I just got back from a PARC open forum, in which Marissa Mayer gave a talk about the Physics of Data, and Innovation at Google. All in all, it was fine. Maybe a third of the talk was about new possibilities enabled by large quantities of data (Google Flu Trends, better search, etc.) The other two-thirds were dedicated to introducing the audience to some longer-tail Google products that many folks might not have known about. So I’m not going to go into detail about the talk as a whole, but I will point out two tidbits that were the most interesting to me. One is positive, one is negative.
On the positive side, Mayer fielded a lot of questions about large data and A/B testing. There is a lot of talk in the web community about large scale A/B testing, and how once you’ve used it to gauge the most effective column width, relevance algorithm, or link color, you can deploy that change to your entire user base. Mayer did say something, though, that I’ve never heard anyone else say in this domain. She said that they try not to overfit. Perhaps that’s par for the course, and something I should have known. But my impression of A/B testing is that once there has been a clear, statistical winner, companies will put that winner into action, at least until the next round of testing. Mayer instead suggested that if you always deploy the winner, you run the risk of overfitting. And you might not necessarily want to do that. Interesting. My respect for Google went up a bit.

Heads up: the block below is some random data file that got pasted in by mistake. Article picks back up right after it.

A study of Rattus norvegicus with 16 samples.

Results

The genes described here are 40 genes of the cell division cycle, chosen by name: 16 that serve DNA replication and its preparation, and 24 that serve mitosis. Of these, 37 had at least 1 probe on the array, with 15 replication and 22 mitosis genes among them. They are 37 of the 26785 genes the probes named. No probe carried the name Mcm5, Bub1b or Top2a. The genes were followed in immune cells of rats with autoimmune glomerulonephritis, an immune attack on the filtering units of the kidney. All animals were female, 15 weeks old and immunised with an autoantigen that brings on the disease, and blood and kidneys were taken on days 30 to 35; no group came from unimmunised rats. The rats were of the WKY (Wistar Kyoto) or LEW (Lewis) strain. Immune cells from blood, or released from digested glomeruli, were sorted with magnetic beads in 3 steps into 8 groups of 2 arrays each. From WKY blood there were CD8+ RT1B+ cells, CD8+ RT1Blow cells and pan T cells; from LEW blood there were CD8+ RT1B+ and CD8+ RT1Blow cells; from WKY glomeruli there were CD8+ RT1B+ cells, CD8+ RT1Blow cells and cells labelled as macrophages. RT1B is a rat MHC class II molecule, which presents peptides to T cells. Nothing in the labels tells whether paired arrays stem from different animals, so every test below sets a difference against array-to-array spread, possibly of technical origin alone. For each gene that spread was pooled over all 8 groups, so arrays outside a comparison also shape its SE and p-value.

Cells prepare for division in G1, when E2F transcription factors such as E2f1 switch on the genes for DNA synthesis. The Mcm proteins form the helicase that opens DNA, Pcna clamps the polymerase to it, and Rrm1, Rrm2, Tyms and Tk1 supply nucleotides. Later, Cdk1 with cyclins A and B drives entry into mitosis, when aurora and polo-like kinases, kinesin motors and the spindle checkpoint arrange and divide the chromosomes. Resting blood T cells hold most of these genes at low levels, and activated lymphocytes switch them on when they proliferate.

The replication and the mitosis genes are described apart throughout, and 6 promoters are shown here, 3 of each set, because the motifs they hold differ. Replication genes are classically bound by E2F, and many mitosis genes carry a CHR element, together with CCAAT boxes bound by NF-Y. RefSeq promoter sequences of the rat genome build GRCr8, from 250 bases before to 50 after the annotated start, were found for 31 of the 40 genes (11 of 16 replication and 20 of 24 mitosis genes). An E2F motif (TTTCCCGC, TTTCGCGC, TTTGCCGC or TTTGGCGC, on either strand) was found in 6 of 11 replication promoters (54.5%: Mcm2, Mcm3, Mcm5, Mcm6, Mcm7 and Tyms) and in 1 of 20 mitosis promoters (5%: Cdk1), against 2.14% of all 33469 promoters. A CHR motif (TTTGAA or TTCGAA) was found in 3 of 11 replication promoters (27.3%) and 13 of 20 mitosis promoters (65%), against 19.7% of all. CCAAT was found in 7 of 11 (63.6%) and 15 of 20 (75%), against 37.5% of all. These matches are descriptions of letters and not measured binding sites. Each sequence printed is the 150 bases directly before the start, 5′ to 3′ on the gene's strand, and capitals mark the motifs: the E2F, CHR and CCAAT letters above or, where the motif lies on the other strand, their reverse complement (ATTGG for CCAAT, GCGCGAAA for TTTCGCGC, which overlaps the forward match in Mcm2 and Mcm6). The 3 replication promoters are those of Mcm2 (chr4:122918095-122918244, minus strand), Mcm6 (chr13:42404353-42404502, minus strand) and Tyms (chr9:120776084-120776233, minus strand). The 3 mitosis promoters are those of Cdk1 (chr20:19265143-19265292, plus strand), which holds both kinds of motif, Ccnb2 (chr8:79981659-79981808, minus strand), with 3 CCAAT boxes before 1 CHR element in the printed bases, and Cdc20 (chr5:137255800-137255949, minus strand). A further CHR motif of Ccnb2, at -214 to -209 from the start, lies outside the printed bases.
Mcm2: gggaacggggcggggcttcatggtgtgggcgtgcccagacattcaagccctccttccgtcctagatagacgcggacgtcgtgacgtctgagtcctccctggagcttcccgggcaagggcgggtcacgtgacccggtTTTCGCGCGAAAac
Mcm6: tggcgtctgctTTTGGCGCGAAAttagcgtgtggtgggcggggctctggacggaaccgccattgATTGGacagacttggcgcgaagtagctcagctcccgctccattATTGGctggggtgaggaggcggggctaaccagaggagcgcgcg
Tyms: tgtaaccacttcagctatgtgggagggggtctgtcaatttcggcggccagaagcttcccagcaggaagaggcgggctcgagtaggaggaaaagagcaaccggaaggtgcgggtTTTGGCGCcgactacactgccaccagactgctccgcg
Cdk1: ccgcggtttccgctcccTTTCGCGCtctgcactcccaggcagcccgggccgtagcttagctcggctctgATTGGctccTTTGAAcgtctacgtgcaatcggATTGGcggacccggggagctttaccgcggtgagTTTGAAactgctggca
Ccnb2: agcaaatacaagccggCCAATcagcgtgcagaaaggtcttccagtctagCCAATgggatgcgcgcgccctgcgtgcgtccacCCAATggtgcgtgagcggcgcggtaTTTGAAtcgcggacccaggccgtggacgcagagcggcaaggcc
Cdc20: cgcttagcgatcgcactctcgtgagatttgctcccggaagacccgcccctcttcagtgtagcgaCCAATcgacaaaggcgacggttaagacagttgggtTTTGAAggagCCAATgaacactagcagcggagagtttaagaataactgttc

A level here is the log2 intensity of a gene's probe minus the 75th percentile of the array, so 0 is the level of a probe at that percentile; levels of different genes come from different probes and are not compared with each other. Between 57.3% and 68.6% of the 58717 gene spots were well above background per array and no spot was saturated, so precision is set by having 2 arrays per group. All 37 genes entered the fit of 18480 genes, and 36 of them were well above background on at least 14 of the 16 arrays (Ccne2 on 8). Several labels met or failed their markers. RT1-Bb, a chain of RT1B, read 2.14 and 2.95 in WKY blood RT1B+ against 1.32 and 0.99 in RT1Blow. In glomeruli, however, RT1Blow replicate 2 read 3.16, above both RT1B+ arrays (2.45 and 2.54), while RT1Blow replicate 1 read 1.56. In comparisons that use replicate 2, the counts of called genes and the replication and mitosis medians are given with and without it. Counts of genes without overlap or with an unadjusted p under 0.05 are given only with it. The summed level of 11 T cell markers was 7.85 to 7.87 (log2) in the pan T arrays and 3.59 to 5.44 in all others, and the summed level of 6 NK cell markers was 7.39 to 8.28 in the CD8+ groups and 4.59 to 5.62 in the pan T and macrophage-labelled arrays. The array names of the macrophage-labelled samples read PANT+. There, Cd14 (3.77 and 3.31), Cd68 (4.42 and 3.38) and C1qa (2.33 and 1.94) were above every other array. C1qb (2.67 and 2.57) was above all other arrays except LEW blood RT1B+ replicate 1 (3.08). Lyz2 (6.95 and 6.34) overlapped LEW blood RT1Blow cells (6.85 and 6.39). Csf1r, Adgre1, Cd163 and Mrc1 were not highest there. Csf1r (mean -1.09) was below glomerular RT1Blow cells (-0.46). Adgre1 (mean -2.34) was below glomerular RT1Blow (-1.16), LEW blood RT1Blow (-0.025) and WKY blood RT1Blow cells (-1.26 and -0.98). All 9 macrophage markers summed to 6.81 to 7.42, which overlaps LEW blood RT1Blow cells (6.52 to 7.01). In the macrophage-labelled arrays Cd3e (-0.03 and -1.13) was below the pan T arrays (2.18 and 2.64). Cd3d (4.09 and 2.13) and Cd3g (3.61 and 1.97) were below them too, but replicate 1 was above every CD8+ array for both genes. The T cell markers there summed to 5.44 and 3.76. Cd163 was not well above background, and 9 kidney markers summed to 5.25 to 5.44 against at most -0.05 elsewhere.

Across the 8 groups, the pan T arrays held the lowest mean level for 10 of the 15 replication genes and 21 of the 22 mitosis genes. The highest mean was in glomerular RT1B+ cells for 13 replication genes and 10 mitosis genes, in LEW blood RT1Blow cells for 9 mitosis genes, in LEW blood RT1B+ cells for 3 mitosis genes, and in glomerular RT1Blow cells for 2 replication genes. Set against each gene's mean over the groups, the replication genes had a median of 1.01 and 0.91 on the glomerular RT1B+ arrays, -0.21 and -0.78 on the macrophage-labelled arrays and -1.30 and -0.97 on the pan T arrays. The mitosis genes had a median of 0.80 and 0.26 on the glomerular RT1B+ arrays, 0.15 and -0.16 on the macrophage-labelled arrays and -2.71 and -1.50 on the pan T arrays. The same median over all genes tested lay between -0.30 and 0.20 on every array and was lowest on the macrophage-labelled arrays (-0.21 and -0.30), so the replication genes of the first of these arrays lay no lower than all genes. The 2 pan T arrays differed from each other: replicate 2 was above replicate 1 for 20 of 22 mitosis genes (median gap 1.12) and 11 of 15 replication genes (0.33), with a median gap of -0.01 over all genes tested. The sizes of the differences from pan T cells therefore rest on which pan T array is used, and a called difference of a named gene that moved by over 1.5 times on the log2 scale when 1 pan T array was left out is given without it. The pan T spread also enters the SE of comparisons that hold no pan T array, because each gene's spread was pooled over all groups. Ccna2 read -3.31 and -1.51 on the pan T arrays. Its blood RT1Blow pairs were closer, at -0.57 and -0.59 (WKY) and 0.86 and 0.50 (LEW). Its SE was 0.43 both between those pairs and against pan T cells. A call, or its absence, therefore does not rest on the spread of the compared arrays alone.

On the negative side, I was put off by some of her responses to questions about advertising. One fellow a few rows in front of me asked the question that I often ask on this blog: If Google search were to return in the organic results the same pages to which the ads on the right already link, would there be a need for those same advertisements (implicit answer: no). So isn’t there a financial incentive, he asked, for Google not to make its organic results too good? (Not that Google would actively worsen those results, but that it wouldn’t try as hard to make those results as good as they could be, because to do so would be to lower ad revenue.) I was disappointed that Marissa essentially dodged the question. She gave the standard answer, which is that all advertising is clearly labeled. I felt it was a hollow answer, and did not address the questioner’s core point.
But dodging a question isn’t what irked me. After Mayer got finished explaining that a web results page with advertising is better than one without advertising, based on a 6.5 year-long A/B test that she had conducted, another audience member asked her whether there could ever be too much of a good thing, in that perhaps web advertising (number of ads shown on your results) has increased to the point where there is simply too much of it. She smiled, and said that she did not think that advertising had increased.
Now, I know for a fact that is not true. Five years ago I used to do Google searches, and only 1-8 ads would show up on the right hand side. Maximum 8. Today, not only do 1-8 ads show up on the right, but 1-3 ads show up above the top organic result. Maximum 11. Today there are up to 11 ads on a page with 10 organic links. The amount of advertising shown on a results page has indeed increased. And you would think that, with all the massive quantities of data available, Ms. Mayer would be able to spot the same fact that is available to an average user. So her answer was a bit disappointing.
Overall, I left with mixed feelings. Some good, some bad, but overall it was fun.